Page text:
Usually, Karen Lee’s conversations happen in the hallways, offices and meeting rooms of Science World. These labyrinthine spaces wrap around the outer layers of our geodesic dome, hidden from the public who gather at its centre in the interactive science galleries, exhibits and theatres.

Now, only essential workers are allowed inside: those who keep the air, water, power and computer systems running that we can’t shut off, and employees of TRICOM, the company who, over the next month, will give our facilities a methodical and systematized deep clean.

Despite our closure, “All the meetings are still happening,” Karen laughs. She works in our Community Engagement department, delivering professional development to teachers across BC through hands-on workshops.

Since the BC K-12 curriculum transformed in 2015, students have also been expected to learn digital skills such as robotics, coding, and computational thinking. Every year, Science World serves well over 1,000 teachers, equipping them with the resources and material to help support this massive curriculum change, the largest in over thirty years.

“In the beginning, it was a lot of reassurance,” Karen remembers. “We told teachers, ‘You’ve got this. You’re already doing design thinking. You’re already doing inquiry-based learning. You’re already doing computational thinking. There’s just a codified language for it now.’”

Risk Taking in Uncertain Times

When Science World made the decision to close its facility to the public, Karen Lee had been scheduled to facilitate an onsite seminar for dozens of her colleagues the following day. Now, she was told, for her health and safety, she would be required to work from home.

“I didn’t want to cancel,” says Karen.

But the dome’s closure created a new challenge, and Karen decided to approach it using the very tenets of the subject of her seminar: inquiry-based learning.

“Inquiry-based learning promotes creative thinking by encouraging learners to take risks together. It encourages learners to focus on the process of learning rather than the end result.”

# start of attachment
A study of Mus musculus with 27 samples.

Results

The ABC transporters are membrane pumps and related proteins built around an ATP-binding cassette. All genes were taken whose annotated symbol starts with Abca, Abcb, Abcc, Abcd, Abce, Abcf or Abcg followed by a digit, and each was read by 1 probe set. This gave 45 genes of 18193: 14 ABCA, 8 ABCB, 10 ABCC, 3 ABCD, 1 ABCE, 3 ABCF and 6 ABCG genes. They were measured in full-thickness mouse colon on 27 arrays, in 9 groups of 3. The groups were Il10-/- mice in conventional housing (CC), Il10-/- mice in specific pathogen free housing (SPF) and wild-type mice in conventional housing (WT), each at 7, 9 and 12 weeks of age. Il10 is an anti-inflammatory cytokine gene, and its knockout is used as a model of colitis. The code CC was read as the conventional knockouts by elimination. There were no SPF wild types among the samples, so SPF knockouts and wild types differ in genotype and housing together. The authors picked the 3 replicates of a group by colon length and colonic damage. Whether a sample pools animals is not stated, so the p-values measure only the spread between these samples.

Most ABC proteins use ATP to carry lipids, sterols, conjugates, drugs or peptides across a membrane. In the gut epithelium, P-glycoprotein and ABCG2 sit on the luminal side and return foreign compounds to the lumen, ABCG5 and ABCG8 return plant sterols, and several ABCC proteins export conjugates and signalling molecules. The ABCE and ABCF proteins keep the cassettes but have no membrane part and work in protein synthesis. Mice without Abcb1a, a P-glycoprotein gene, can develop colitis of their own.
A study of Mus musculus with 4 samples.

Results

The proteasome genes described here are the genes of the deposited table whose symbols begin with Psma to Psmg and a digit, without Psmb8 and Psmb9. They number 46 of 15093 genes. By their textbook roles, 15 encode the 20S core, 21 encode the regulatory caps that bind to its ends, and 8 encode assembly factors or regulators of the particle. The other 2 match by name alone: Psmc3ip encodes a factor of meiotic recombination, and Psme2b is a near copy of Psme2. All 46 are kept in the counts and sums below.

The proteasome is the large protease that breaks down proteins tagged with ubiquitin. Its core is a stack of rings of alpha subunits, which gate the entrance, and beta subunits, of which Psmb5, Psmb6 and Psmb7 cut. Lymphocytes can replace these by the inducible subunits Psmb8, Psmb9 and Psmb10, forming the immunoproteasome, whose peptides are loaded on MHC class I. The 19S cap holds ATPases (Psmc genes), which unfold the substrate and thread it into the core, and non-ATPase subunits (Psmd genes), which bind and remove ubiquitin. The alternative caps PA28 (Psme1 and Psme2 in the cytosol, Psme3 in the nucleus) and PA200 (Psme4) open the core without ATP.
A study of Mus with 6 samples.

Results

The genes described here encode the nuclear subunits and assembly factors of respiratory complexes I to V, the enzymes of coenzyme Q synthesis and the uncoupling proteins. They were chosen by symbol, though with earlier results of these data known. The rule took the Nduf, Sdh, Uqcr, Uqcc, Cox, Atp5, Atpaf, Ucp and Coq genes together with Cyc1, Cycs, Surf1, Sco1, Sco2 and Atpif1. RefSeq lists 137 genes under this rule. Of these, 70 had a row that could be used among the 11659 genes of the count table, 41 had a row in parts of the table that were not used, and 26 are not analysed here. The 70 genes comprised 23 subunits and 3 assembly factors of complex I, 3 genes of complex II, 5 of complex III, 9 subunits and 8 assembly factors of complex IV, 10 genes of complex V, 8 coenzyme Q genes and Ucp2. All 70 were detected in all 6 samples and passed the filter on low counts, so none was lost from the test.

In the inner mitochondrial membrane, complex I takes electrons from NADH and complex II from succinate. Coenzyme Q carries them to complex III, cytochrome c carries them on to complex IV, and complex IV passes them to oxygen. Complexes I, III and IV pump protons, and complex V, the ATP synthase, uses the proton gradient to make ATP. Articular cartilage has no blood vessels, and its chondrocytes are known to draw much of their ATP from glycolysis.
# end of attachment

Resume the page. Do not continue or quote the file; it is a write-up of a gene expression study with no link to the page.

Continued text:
In under 24 hours, Karen and her colleagues planned, developed and delivered a complicated seminar remotely, complete with readings, talks, discussions and break-out sessions for focused workshops. Over 35 staff members attended. “It was great,” Karen says.

Now, looking at the weeks and months of school closures ahead, her team is working through the new challenge of transferring all Science World programs online, so they are accessible for the whole province.

A huge project, but one that Karen does not find daunting. “I’m comfortable with ambiguity,” she says.

How Does Learning Adapt?

Being responsive to changing times is at the heart of Science World’s practice.

That’s what we’re up to here, Karen tells me: “We’re helping establish communities of practice.”

In professional development sessions, Science World employees do not present themselves as experts or an authority, but as a resource in support of teachers. “We offer provocations for teachers to think about, and we offer them time to share with their colleagues and to consider how they might integrate new ideas into their teaching practice.”

Karen says the teachers who attend the workshops are resourceful and adaptable. They come because they are committed to their own continuous learning for the benefit of their work and of their students.

Karen herself is trained as a secondary teacher. “We do it to help kids shoot for the stars,” she says. “I rarely meet teachers who pat themselves on the back for a job well done, they're always asking what they might do better next time.”

This week, Karen is attending webinars and learning about how educators in Asia are responding to the crisis.

“There are cities in their eighth week of impromptu online learning. People there are saying there is no one-size-fits-all solution. In these unprecedented times, we need to be agile in responding to the challenge of adapting instruction. We need to get comfortable being uncomfortable.”

The question of how to educate people online is not a new one, Karen reminds me.

“Academics have been musing on the future of education for years. People ask, ‘Do we need teachers in the age of information?’ I argue yes, absolutely.

“The real question is, how does learning adapt? How do we adapt?”

It's an open-ended question that Karen and her team are responding to every day in this new environment. Soon, Science World will offer professional development workshops for teachers online for the first time.

"Teachers still want to learn," Karen says. "And I don't like saying no to teachers."

The Dome is Where the Heart is.

For the first time in 30 years, Science World has closed its doors to the public. Every day, COVID-19 is eliminating our main revenue source and critical operational funds. Give now to ensure that when the virus is gone, Science World is still here.